The TSJC authorizes use of the COVID certificate in the Canary Islands
The Superior Court of Justice of the Canary Islands (TSJC) has authorized the use of the COVID Certificate to access establishments such as nightlife venues, bars, restaurants, and public spaces in the Archipelago. According to the order of the Administrative Litigation Chamber, this measure, which is voluntary for businesses, creates environments that are "healthier, safer, and less likely to transmit the virus."
It will come into force next Friday, December 10th, and will be available for use until January 15th, when an extension may be requested if deemed necessary.
The Ministry of Health presented the request for the TSJC to endorse the ‘COVID certificate’ on November 29th, after the work carried out by the regional Government which were agreed with the business sectors and workers unions.
The collegiate decision of the three magistrates of the Chamber, determines that the capacity, number of people per group, and closing times in force at all times for each commercial activity at the level of alert immediately lower than that existing on the island, can be adhered to for those businesses who voluntarily choose to require their workers and clients over 12 years and 3 months old, to prove, also voluntarily, the absence of active infection of COVID-19, either by the negative result of a diagnostic test, or the presenting a recovery certificate, or presenting a vaccination certificate.
With this voluntary system, the aim is to reward in some way, those establishments and public spaces that contribute to creating healthier environments that are safer for people and less likely to be responsible for transmitting the virus.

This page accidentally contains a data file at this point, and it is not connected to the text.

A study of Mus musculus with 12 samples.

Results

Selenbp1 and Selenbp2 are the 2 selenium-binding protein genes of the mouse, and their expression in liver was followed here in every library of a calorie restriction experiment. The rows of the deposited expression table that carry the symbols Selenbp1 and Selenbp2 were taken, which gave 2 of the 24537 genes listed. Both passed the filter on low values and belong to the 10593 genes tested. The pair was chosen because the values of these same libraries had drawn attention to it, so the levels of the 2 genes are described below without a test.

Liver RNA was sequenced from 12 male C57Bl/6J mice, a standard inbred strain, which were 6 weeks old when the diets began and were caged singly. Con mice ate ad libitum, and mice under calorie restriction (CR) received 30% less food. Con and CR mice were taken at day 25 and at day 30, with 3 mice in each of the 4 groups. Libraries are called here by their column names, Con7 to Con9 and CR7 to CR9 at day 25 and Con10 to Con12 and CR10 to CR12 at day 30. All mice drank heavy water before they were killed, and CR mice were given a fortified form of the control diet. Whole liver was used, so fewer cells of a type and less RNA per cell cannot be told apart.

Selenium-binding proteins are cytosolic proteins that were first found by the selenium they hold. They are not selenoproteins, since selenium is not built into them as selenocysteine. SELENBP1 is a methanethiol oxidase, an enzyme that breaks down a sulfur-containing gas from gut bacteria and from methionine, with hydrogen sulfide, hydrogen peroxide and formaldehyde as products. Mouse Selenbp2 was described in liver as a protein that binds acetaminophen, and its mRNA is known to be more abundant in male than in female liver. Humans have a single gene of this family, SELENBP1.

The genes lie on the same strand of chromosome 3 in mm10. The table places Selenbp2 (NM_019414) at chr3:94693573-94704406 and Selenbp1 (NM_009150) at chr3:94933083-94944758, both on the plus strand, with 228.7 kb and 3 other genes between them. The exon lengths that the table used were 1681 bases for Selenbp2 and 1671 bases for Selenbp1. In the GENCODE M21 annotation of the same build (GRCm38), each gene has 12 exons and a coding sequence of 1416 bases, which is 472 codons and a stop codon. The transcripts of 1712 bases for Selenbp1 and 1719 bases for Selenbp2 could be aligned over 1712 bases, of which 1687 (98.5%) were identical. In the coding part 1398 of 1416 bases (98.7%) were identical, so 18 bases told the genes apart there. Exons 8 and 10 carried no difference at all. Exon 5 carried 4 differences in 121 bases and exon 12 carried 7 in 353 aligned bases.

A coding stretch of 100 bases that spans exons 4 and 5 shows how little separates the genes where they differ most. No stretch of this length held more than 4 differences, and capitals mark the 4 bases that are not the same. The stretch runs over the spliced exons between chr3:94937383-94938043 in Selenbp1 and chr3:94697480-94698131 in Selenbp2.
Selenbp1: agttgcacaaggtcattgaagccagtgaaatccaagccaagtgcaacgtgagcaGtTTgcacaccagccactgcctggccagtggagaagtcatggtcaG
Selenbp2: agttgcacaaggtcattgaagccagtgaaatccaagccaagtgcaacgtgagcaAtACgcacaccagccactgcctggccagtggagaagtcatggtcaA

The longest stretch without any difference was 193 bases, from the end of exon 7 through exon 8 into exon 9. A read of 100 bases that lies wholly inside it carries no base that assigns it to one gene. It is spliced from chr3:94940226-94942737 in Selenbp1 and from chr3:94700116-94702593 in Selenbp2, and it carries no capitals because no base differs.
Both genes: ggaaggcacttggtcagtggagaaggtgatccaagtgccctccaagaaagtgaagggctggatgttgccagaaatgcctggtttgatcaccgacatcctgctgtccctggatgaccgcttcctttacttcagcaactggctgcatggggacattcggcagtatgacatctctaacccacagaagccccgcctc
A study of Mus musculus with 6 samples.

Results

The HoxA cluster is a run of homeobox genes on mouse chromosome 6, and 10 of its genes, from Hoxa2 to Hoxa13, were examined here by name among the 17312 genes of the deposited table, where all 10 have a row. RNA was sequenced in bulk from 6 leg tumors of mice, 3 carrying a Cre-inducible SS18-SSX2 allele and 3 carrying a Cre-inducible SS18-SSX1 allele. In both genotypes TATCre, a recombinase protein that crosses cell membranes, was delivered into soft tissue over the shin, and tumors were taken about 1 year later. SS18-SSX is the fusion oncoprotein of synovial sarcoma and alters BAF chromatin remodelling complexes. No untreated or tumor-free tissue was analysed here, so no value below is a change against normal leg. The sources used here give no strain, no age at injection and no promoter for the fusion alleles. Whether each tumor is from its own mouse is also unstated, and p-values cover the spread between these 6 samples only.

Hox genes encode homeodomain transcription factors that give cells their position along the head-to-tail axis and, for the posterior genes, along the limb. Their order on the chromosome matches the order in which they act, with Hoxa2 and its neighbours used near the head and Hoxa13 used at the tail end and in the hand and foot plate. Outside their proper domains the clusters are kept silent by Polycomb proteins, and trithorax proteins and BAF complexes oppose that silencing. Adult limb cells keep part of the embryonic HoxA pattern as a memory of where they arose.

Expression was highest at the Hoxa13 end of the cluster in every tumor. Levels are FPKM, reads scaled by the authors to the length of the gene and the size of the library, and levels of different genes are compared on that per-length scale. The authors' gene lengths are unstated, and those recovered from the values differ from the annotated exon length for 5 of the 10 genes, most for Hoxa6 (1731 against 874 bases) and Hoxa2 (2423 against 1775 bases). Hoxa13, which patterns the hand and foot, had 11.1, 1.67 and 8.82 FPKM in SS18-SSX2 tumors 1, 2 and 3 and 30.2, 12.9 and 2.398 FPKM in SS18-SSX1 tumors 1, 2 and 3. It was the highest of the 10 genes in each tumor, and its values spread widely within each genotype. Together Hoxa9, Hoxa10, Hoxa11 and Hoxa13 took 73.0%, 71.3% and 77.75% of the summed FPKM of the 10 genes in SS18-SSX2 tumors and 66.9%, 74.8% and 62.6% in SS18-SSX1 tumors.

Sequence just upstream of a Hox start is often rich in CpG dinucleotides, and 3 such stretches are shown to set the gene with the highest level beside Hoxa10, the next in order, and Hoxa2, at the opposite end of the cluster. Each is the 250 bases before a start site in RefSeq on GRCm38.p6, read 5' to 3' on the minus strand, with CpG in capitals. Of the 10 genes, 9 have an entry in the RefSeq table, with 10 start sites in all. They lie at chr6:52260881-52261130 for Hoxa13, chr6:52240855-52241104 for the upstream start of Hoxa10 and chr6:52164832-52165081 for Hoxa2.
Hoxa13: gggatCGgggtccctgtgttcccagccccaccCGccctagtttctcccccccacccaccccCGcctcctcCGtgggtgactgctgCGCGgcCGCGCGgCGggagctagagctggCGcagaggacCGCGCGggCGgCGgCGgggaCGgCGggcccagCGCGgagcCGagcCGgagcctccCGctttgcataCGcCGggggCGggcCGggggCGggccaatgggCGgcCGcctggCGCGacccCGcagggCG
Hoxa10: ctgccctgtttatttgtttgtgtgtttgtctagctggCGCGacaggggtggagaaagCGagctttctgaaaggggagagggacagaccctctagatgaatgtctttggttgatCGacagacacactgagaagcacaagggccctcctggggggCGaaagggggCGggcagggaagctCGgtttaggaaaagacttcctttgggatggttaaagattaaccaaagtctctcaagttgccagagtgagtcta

The TSJC also states that the measure "allows businesses and people to maintain economic and social activity, due to the creation of safer spaces in which the transmission of the virus is less likely, observing in this sense a greater benefit for the general interest of the population in a moment of increased transmission of infection."
The ruling also warns that, "even when the current situation cannot be classified as serious, the existence of an upward trend justifies the need to adopt preventive measures to avoid reaching past situations."
This special prevention is reinforced by the arrival of the Christmas season, in which there is an increase in social encounters and activities in places for public use, without forgetting that these months coincide with a high tourist season that determines a increase in the arrival of tourists from countries where the pandemic has a "poor evolution, due, to a large extent, to the low percentage of vaccination".
Finally, the TSJC concludes that this initiative is proportionate and reasonable, "resulting in that the benefit obtained for the general interest is greater than the damage caused to the goods or securities in conflict."